Government rebuffs calls to make PSHE and SRE compulsory

The government has refused to make personal, social and health education (PSHE) and sex and relationships eduction (SRE) statutory, despite calls for the subjects to be made compulsory.

In response to a Neil Carmichael, who called on the Education Secretary to make the subjects compulsory, Nicky Morgan said: “The vast majority of schools already make provision for PSHE and while the government agrees that making PSHE statutory would give it equal status with other subjects, the government is concerned that this would do little to tackle the most pressing problems with the subject, which are to do with the variable quality of its provision, as evidenced by Ofsted’s finding that 40 per cent of PSHE teaching is less than good.

Morgan concluded: “As such, while we will continue to keep the status of PSHE in the curriculum under review, our immediate focus will be on improving the quality of PSHE teaching in our schools.”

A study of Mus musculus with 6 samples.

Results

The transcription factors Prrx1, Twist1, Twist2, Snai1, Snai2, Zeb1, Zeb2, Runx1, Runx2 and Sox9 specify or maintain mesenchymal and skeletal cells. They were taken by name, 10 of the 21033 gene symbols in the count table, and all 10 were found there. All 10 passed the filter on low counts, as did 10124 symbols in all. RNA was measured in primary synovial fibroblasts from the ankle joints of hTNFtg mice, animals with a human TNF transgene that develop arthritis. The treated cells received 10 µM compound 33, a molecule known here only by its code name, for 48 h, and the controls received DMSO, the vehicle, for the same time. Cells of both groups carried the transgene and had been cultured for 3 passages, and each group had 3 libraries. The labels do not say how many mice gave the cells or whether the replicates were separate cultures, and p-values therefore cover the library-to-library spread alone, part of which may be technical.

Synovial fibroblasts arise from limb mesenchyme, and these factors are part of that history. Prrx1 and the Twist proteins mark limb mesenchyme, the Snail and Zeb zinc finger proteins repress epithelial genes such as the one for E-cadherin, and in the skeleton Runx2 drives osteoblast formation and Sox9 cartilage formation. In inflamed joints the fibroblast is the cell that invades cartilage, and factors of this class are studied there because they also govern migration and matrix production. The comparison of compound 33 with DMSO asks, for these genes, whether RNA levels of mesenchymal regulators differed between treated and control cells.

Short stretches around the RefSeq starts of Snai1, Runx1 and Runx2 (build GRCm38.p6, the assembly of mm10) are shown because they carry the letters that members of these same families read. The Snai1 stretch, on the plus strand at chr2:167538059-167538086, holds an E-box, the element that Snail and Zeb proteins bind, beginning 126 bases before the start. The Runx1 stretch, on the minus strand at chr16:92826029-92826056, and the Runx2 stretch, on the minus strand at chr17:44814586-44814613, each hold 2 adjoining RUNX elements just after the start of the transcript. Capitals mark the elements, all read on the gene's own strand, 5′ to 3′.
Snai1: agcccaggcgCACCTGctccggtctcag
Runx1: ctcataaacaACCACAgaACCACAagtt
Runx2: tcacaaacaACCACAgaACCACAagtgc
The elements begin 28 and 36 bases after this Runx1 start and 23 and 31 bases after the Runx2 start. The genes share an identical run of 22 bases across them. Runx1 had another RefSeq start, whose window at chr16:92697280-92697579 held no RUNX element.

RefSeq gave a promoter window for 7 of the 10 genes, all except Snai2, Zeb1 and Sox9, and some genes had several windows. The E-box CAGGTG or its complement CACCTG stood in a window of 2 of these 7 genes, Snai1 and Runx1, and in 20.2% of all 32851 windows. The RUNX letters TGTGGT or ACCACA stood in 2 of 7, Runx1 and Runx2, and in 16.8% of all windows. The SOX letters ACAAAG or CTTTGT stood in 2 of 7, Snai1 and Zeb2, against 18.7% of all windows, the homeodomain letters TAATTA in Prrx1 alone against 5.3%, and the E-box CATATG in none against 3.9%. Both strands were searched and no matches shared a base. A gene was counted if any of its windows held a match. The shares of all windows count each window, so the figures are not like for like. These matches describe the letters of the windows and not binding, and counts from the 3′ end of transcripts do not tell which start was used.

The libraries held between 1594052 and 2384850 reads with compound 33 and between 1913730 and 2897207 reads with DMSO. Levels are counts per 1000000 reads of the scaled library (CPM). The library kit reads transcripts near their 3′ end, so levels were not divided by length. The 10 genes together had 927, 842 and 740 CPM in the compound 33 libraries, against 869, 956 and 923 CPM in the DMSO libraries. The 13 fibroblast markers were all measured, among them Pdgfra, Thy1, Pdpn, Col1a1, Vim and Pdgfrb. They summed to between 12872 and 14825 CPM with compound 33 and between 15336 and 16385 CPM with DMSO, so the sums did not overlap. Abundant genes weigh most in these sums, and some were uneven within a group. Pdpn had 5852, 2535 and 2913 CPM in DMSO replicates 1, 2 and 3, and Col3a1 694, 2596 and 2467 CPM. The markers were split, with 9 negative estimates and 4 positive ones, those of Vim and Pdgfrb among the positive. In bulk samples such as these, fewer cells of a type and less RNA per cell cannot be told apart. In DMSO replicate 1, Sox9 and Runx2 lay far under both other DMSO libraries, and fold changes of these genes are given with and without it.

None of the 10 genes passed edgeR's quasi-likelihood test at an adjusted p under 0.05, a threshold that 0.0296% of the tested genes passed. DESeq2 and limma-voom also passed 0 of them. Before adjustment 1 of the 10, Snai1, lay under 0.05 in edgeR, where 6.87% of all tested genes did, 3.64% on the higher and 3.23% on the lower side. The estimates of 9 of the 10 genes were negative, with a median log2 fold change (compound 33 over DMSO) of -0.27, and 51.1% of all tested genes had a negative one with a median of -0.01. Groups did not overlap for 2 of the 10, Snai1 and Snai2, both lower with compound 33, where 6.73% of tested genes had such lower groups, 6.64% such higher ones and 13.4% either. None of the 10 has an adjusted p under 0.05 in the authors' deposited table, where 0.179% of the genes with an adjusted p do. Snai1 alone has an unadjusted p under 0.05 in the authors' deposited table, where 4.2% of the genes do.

The response comes after a number of Education figures protested the plans, including four reports which strongly advised the government to recognise the importance of PSHE and SRE.

Last month, Mary Bousted, general secretary of the Association of Teachers and Lecturers (ATL), said she was disappointed by the decision. She said: “When report after report following the tragic sex abuse cases in Rotherham and Oxford point out that PSHE keeps children safe, how can Nicky Morgan refuse time and time again to make PSHE mandatory in all schools. How can the government look young people in the eye and tell them that their personal, social, health and economic needs are just not that important.

Bousted argued: “There are some outstanding PSHE teachers and schools taking an inspiring approach, but why does the government not afford teaching PSHE the respect and resources it so clearly needs? This is a short-sighted decision that will have many serious repercussions for young people’s health and their futures.”

Morgan said that ‘leading head teachers’ were working closely with the government to produce an ‘action plan’ to improve PSHE.